This report is part of "Turning Point," a groundbreaking series by ABC News examining the racial reckoning sweeping the United States and exploring whether it can lead to lasting reconciliation.
For years, studies have shown that people of color don't get the same level of health care as white patients.
Some of these studies include the Centers for Disease Control and Prevention's 2018 study which found that Black babies have a higher chance of dying in their first year of life compared to white babies.
Similarly, a study from the Western Journal of Emergency Medicine found that Black and brown Americans waited longer for care in the emergency room than white Americans.
And in 2016, another study from the National Academy of Sciences found that Black Americans were undertreated for pain compared to white Americans.
It's an issue that Kamilah Mitchell knows all too well. In 2017, Mitchell said she was in the emergency room for eight hours and was even given a breathalyzer test before getting treatment for uterine cancer.
"How do you trust a system that is ready to send you home?" Mitchell told "Good Morning America." "Because for whatever reason, they don't want to hear you."
Mitchell is now a patient of Dr. Joy Cooper, an Oakland, California, doctor and co-founder of Culture Care, a group that connects Black women with trusted physicians.
"I always tell people that the health care system was not designed [with] Black women in mind," Dr. Joy Cooper told "Good Morning America." "J. Marion Sims, who's considered the father of gynecology, actually performed surgeries on slaves with their master's consent without anesthesia."
But an initiative at New York's Mount Sinai Hospital is working to end racial bias in medicine.
Dubbed the Racial Bias Initiative, which is part of the Icahn School of Medicine at Mount Sinai, their mission is to provide "health care and education that is free of racism and bias."
According to Dean David Muller of the Icahn School of Medicine, the initiative, which was launched in 2015, aims to focus on changing "how we function, how we recruit scientists and doctors, how we promote them and how we make decisions about resource allocation."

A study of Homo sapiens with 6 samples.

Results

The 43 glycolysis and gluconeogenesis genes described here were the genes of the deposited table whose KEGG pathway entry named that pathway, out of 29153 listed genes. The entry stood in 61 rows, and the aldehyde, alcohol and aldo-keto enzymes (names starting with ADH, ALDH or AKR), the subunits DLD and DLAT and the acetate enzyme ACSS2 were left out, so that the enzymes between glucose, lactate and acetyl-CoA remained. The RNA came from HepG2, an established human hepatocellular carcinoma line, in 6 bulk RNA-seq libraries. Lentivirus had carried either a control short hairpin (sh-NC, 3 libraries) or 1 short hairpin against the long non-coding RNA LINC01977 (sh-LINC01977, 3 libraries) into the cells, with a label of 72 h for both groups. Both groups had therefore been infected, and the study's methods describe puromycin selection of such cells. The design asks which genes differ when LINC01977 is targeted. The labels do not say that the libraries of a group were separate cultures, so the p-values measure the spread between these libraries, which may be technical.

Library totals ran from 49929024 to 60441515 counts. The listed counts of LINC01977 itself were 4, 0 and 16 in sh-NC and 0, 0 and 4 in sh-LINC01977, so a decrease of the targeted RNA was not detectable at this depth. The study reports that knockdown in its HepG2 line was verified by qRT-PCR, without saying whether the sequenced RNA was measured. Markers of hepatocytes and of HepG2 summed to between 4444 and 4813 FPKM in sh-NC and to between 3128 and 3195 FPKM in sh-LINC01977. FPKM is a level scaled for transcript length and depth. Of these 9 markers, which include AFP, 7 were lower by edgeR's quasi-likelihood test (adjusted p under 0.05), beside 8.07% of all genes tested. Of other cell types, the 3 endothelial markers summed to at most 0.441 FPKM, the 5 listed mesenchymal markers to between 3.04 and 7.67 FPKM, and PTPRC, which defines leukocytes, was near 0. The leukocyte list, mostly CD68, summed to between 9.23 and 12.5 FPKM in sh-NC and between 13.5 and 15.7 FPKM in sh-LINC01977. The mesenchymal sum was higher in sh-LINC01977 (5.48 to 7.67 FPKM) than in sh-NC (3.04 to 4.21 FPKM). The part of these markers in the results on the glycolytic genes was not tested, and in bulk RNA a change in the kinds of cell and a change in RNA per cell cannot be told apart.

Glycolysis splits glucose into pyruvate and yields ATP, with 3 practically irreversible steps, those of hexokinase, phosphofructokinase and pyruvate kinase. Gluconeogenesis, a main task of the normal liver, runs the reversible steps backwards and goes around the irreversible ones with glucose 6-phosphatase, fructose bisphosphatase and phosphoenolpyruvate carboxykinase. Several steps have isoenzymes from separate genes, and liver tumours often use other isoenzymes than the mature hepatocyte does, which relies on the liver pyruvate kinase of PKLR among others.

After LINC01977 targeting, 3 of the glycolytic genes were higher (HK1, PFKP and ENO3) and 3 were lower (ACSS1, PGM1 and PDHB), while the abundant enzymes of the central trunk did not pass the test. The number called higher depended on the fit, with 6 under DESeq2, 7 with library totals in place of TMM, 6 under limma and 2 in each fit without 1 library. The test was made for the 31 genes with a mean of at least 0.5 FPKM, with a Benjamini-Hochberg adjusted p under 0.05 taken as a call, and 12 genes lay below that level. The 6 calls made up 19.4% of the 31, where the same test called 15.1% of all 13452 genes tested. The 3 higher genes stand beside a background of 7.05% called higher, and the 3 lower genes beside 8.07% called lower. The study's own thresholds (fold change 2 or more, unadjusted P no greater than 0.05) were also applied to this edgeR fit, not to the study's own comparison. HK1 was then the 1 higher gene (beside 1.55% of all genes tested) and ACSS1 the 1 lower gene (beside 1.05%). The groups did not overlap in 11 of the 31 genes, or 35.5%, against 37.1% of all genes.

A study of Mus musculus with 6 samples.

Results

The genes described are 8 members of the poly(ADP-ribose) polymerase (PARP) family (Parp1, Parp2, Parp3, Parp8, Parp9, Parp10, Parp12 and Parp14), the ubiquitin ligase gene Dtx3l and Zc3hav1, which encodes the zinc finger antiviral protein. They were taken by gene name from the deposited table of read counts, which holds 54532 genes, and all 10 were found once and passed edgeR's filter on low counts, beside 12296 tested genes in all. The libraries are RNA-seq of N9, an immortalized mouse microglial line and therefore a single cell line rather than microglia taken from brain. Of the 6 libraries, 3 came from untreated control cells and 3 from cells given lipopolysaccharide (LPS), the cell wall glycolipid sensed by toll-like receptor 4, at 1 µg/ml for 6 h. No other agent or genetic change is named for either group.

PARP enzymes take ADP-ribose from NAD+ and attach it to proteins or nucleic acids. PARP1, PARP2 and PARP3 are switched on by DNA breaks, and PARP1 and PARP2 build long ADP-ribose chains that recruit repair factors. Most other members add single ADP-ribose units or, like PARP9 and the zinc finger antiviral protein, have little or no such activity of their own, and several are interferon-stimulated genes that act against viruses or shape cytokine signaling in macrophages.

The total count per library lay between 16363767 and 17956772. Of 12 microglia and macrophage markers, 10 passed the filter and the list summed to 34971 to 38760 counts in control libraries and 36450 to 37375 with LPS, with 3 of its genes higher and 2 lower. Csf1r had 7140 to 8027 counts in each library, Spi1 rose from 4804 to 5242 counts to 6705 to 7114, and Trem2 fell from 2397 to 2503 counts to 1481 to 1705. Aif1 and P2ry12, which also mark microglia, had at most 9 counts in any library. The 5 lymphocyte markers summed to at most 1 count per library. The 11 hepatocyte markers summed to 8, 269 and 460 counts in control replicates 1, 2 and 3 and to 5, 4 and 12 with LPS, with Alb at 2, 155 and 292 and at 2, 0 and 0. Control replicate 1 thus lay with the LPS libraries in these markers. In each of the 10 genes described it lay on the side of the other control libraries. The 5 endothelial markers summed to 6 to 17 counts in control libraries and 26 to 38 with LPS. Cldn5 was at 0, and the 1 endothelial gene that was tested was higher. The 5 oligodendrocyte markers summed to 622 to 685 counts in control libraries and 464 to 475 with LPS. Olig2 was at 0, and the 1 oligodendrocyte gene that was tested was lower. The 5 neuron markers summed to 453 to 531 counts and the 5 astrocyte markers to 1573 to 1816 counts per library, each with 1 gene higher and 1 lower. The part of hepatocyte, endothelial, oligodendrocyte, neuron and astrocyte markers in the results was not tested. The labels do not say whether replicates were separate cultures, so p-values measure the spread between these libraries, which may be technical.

"It's the people and it's the actual structure of the medical school," added Dr. Leona Hess, director of strategy and equity education programs at the Icahn School of Medicine at Mount Sinai. "What are the ways in which we set up conditions that either knowingly or unknowingly perpetuate racism?"
At the Icahn School of Medicine, they also host weekly discussions about racial bias in medicine called "Chats for Change," where the Mount Sinai community can learn about a wide range of topics from racial trauma to racial injustice in medicine. Attendees can also take part in healing circles.
"There's a lot of work going on now that I think is super important around racism in medicine," said Jennifer Diaz, a second year medicine student. "And what are the new interventions that we can come up with?"
And while discussions about racial inequalities can be uncomfortable, Mount Sinai is determined to continue shining a light on the issue of racial bias in medicine in the hopes that it will be eliminated for good in the near future.
"We really need to dig deep and undo generations of structural racism in our profession," said Dr. Joe Truglio of Mount Sinai.
"We can't afford to not address it head on," said Dr. Gary Butts, the chief diversity and inclusion officer of Mount SInai Health System.